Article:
Duck-River Opportunities Project (DROP) started in 1999 to monitor-&-improve the water quality of the Duck River and its tributaries. Drop was funded by the Duck River Protection Endowment which was created following a court settlement between Dana Corporation and the EPA.
TSRA initially created DROP after John McFadden spoke to TSRA's board of directors in 1999, asking the organization to sponsor his plan to use the fund to improve water quality in the Duck-River watershed. DROP was to be a collaborative effort between the protection fund, TSRA, and project director John McFadden. Marshall Spencer acted as TSRA chair for the project.
With John McFadden, an independent consultant, heading up the project, DROP used the protection fund for its projects. After those funds were depleted, DROP obtained grants from TWRA and other grantors. Under Marshall Spencer’s supervision, TSRA processed the invoices for materials used in all of the site-specific conservation projects in DROP and kept records of grant funds spent for reporting purposes.
Following a verbal agreement with Leslie Colley of The Nature Conservancy, DROP agreed to limit its focus to "the Lower Duck-River watershed", which for that agreement was below Columbia dam.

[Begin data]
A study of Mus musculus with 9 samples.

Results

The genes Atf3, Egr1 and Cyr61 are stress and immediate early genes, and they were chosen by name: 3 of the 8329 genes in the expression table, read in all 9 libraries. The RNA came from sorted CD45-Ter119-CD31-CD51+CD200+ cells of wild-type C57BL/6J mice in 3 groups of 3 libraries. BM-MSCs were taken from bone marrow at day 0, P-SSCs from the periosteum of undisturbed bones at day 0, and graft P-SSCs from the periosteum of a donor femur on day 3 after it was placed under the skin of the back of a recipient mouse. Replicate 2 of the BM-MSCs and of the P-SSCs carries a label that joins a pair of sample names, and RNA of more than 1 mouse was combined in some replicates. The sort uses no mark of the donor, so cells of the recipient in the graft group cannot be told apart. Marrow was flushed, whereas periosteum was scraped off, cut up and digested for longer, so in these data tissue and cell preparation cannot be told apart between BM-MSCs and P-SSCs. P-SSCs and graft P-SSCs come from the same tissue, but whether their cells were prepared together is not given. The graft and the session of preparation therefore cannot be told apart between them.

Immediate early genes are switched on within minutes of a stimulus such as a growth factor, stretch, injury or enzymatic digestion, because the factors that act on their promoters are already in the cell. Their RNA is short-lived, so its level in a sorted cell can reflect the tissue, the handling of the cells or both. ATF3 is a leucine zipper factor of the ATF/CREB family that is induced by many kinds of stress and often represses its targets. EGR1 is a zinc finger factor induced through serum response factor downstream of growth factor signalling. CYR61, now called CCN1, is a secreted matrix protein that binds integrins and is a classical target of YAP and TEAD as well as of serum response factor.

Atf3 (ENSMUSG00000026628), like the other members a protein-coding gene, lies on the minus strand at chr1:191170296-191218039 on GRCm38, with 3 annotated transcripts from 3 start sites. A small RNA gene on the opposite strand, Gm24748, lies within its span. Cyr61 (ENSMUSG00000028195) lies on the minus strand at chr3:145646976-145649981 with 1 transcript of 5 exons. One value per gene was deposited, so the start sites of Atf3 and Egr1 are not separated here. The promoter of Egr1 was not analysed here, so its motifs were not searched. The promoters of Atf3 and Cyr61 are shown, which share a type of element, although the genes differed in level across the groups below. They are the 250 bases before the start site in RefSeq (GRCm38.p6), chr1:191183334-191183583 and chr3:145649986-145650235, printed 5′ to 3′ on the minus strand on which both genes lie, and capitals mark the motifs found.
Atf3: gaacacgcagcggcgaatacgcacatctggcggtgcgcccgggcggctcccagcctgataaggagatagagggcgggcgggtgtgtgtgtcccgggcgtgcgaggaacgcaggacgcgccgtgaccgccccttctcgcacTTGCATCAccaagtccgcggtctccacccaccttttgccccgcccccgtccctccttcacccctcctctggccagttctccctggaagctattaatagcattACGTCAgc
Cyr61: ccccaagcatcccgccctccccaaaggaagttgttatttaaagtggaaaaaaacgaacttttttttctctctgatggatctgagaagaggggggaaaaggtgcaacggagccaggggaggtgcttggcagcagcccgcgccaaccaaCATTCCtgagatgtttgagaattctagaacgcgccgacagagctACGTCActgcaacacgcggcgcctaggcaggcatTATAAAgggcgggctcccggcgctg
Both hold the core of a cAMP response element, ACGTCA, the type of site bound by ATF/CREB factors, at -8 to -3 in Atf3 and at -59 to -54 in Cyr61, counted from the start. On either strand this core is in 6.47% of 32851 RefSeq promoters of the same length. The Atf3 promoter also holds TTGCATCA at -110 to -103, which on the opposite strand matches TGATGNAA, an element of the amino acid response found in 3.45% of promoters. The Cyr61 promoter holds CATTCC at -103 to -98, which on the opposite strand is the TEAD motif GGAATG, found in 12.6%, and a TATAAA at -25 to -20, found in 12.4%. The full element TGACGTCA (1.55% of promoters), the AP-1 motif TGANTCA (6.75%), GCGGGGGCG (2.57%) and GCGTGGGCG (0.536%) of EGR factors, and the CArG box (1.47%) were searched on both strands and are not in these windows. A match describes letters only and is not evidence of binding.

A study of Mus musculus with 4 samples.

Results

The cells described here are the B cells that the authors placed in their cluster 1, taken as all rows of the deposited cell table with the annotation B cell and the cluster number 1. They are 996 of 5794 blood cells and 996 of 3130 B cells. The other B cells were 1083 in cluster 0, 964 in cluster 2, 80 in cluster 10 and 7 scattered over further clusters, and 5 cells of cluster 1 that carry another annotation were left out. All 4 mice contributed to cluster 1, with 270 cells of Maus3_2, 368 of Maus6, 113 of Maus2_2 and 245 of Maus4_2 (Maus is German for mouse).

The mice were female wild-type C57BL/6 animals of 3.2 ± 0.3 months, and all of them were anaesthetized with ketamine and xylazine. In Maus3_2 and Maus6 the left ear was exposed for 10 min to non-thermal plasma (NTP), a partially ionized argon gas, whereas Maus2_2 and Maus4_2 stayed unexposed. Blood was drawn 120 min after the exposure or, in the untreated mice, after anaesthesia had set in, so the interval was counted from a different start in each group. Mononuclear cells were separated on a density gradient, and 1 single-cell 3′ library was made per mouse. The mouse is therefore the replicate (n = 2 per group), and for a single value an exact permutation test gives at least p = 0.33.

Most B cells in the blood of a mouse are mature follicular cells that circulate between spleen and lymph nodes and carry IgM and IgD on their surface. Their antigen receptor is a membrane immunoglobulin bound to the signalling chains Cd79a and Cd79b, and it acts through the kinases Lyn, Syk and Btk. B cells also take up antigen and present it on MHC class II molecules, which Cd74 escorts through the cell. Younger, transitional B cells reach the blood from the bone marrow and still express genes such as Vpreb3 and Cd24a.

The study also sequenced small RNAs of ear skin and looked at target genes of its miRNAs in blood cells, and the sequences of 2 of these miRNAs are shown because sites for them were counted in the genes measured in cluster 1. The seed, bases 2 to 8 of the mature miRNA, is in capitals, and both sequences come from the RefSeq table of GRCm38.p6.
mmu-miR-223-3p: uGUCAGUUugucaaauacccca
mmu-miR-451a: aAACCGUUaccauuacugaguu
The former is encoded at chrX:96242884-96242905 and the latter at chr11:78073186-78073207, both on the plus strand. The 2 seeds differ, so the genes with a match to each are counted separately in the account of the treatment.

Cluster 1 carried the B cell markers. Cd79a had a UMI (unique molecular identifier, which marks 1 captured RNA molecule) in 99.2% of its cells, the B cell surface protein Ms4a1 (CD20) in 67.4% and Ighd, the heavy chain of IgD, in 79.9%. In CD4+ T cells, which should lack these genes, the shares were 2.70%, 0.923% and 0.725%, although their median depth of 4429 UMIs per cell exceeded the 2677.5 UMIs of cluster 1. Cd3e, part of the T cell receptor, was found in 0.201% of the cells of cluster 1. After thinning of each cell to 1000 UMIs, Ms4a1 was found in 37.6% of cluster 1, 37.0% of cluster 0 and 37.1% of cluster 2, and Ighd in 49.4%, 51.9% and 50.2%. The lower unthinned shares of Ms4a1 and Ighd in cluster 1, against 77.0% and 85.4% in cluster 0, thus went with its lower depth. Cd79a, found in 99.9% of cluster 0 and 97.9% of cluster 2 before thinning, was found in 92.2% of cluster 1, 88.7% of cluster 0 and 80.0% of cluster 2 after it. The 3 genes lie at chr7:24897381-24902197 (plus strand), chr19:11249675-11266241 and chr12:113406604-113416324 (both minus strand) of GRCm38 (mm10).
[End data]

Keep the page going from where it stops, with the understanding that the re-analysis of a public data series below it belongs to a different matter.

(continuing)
- A large part of DROP's efforts were in the Spring Hill area, since fast-paced suburban expansion was heavily impacting Duck-River tributaries in that area. DROP mobilized many residents and area volunteers to help with weekend projects. Many of the volunteers used for tree planting and for riverbank stabilization were TSRA members, but eventually the residents took the lead in those projects.
- John McFadden and Marshall Spencer kept an eye on TDOT projects in the watershed and even advised them on how to use best practices to minimize water pollution during construction. The biggest TDOT project monitored was the first phase of the 4-lane expansion of U.S. highway 412 / TN 99 east of Hohenwald in Lewis County. That project is now in its third phase.
- It was through DROP's persistence that fraudulent record-keeping in Mt. Pleasant's sewage-treatment department was discovered. High levels of sewage-related pollutants in Grassy Branch belied what the department's records stated. That eventually led to two federal convictions of department employees.